I read an interesting article by entitled "Justices, Judges and Judicial Activism" (click for article), it got me thinking about recently overturned SCOTUS decisions and the question of right and wrong. When the current SCOTUS justices overturn a decision of a former group of SCOTUS justices, does it mean that the current groups decision is "right" and the former group's decision is "wrong"? When individuals are appointed because they hold a certain leaning, are decisions tainted with judicial activism?
In McDonald v. Chicago, Stevens, Breyer, Ginsberg, and Sotomeyer dissented. And in D.C. v. Heller, Stevens, Breyer, Ginsberg, and Souter dissented. I am pretty sure I know how Kagan is going to land. What will we say in 10 years if SCOTUS, filled with individuals like these, overturns the current McDonald v. Chicago and D.C. v. Heller decisions? Will we say that the 2020 SCOTUS got it right and the 2009 and 2010 SCOTUS got it wrong? After all, some would say justices of today know more than justices of the past.
The dissenters in McDonald were attempting to retry Heller. That is patently clear when you read their opinions. But that does not mean they were the only "activists" on the court that day. The judges on the "right" would not hear anything about P or I. They like the fact that the government has a great deal of control over the unenumerated rights that we are allowed to enjoy, and P or I being reinstated would strip away most of that control. The only justice on the court who had any guts to look at that issue and made the case to overturn a couple of very old and very unfortunate cases, was justice Thomas. The whole point of McDonald was to get the court to see the gross errors in the Slaughterhouse and Cruikshank decisions, and to finally make them right. Normally the left/liberal side of the court would jump at the chance to retry those cases, but they couldn't do it over a gun case. The left hates guns, and the right hates rights. Those words were never truer before they were applied to McDonald.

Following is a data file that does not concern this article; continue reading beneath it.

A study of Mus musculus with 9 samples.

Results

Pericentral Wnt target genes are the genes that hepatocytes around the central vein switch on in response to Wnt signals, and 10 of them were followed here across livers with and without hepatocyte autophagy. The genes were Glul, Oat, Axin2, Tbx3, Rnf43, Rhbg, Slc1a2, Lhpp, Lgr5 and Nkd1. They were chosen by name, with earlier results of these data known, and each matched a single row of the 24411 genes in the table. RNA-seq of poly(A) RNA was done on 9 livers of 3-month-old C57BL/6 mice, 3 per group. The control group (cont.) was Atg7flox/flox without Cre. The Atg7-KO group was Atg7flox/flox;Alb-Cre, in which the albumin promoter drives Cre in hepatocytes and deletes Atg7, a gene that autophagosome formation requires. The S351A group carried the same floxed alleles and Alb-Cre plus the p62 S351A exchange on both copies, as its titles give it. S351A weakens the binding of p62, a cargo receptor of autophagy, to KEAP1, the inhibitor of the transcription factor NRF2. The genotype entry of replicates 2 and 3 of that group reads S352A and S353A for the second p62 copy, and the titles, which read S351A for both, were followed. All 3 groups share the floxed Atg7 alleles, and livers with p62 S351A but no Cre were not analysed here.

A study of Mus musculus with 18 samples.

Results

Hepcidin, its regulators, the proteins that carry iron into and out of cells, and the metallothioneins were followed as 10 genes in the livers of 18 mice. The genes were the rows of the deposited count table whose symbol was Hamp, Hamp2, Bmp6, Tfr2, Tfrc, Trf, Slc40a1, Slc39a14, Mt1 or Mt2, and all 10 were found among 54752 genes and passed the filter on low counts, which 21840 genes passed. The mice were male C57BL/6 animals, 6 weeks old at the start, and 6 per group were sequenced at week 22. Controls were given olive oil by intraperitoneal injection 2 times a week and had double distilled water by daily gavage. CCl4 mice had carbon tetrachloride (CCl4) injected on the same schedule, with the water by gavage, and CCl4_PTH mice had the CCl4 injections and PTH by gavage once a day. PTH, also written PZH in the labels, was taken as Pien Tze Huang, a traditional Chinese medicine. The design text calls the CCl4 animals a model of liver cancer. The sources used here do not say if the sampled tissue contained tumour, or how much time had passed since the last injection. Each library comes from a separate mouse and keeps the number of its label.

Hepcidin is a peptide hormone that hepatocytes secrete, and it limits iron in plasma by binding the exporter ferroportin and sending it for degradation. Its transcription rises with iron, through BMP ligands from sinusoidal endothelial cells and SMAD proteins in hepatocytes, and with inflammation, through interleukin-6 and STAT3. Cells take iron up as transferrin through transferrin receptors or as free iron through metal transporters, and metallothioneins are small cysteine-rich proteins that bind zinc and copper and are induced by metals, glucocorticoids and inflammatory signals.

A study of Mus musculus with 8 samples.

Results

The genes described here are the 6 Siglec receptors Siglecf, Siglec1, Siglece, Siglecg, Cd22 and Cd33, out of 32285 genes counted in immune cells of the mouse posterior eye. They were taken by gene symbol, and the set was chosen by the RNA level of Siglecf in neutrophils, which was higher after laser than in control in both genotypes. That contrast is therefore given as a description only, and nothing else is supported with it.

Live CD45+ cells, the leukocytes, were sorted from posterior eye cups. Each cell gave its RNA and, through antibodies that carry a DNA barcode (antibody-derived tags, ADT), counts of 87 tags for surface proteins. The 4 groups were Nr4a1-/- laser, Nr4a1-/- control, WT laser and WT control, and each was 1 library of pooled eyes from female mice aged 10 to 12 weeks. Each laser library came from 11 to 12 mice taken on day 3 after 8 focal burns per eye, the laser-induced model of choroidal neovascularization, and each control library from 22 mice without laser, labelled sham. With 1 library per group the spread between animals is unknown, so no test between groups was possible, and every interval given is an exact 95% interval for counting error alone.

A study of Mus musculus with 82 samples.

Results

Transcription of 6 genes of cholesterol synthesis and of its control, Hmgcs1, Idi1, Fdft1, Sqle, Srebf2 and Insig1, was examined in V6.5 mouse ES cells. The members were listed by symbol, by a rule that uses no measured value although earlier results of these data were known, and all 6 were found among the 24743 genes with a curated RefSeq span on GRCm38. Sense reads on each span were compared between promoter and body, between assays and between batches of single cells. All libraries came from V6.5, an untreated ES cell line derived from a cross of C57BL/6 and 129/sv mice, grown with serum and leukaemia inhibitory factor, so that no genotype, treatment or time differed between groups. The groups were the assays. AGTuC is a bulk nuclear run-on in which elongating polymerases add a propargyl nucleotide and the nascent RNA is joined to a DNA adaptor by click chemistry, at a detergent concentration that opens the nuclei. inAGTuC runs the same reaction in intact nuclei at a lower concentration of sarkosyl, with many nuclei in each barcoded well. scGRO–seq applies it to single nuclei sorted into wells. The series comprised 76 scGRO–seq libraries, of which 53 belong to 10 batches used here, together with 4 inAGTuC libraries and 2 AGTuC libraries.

All it would take to start the avalanche is one less conservative justice. I know that Kagan has been brought on to replace Stevens, which would not shift the court's opinion on the 2nd. But what if a conservative justice died before the start of the next SCOTUS session? Would it be possible that Stevens stays on and Kagan takes the place of the conservative justice?
The next most likely position to be open is Ginsburg's, as she has had health problems lately, and is getting up there in years. There were rumors that she was going to retire to take care of her husband, but as he has already passed recently, that isn't going to happen now. So it's anyone's guess as to whether she will retire before Obama's likely one-term presidency is up. I would say that she will, if only to have a much younger justice take her place in the liberal wing of the court. If that is her aim, she is not likely to chance a Republican president to appoint her successor.
The left hates guns, and the right hates rights. <-- The Right Hates rights ??? ... unless you're talking about baby killing or some other PERVERSION of life I don't understand where you get that idea from.
So, if one conservative justice dies unexpectedly, would we be out-of-line to suspect that someone in the administration may have had a hand in "ensuring" a replacement on the conservative side of the court? (I get the uneasy feeling that Obama's vision of an ideal society is being implemented with an "ends justify the means" mentality.)
I agree, Terrorists (at least "major" ones) should be executed.
However, I don't think we should give the government the power to unilaterally decide who is a terrorist w/o a trial or due process.
There are far to many examples of government accidentally or maliciously labelling somebody a terrorist or threat who in fact is not a terrorist or threat.
Kill Terrorists, After a trial. Without torturing them.
I like how you argue the idea that the Right (i.e. conseervative party) is in support of Inalienable Rights but in the same thread you argue that the "US PATRIOT act, or FISA, or gitmo, or waterboarding" don't infringe on any of those inalienable rights b/c the government tells us that it only uses these powers against "terrorists".
War time... hello !!! who cares about TERRORISTS (or inalienable rights). The only good terrorist is a DEAD terrorist. Unless you're a bleeding heart liberal (i.e., a person who believes in inalienable rights).
Might I remind you that prior to our country being founded that the people who fought against the British soldiers could have been considered terrorists as well? There are numerous instances where American citizens have been arrested and held without a trial, denying the writ of habeas corpus, and then released without ever being tried for anything. Were those people terrorists? If so, why weren't they tried for something?
Labels are convenient for the person using them. It's easy to dismiss a label, it's far harder to dismiss a person who is a citizen of the same country you are. Throughout history labels have been used to rally people to do terrible things. The citizens of Nazi Germany sought to rid their country of a variety of labels: Jews, homosexuals, gypsies, prisoners of war, criminals, the elderly, the disabled, and so on. Is a person less deserving of their inalienable rights because our government has labeled them? I think not.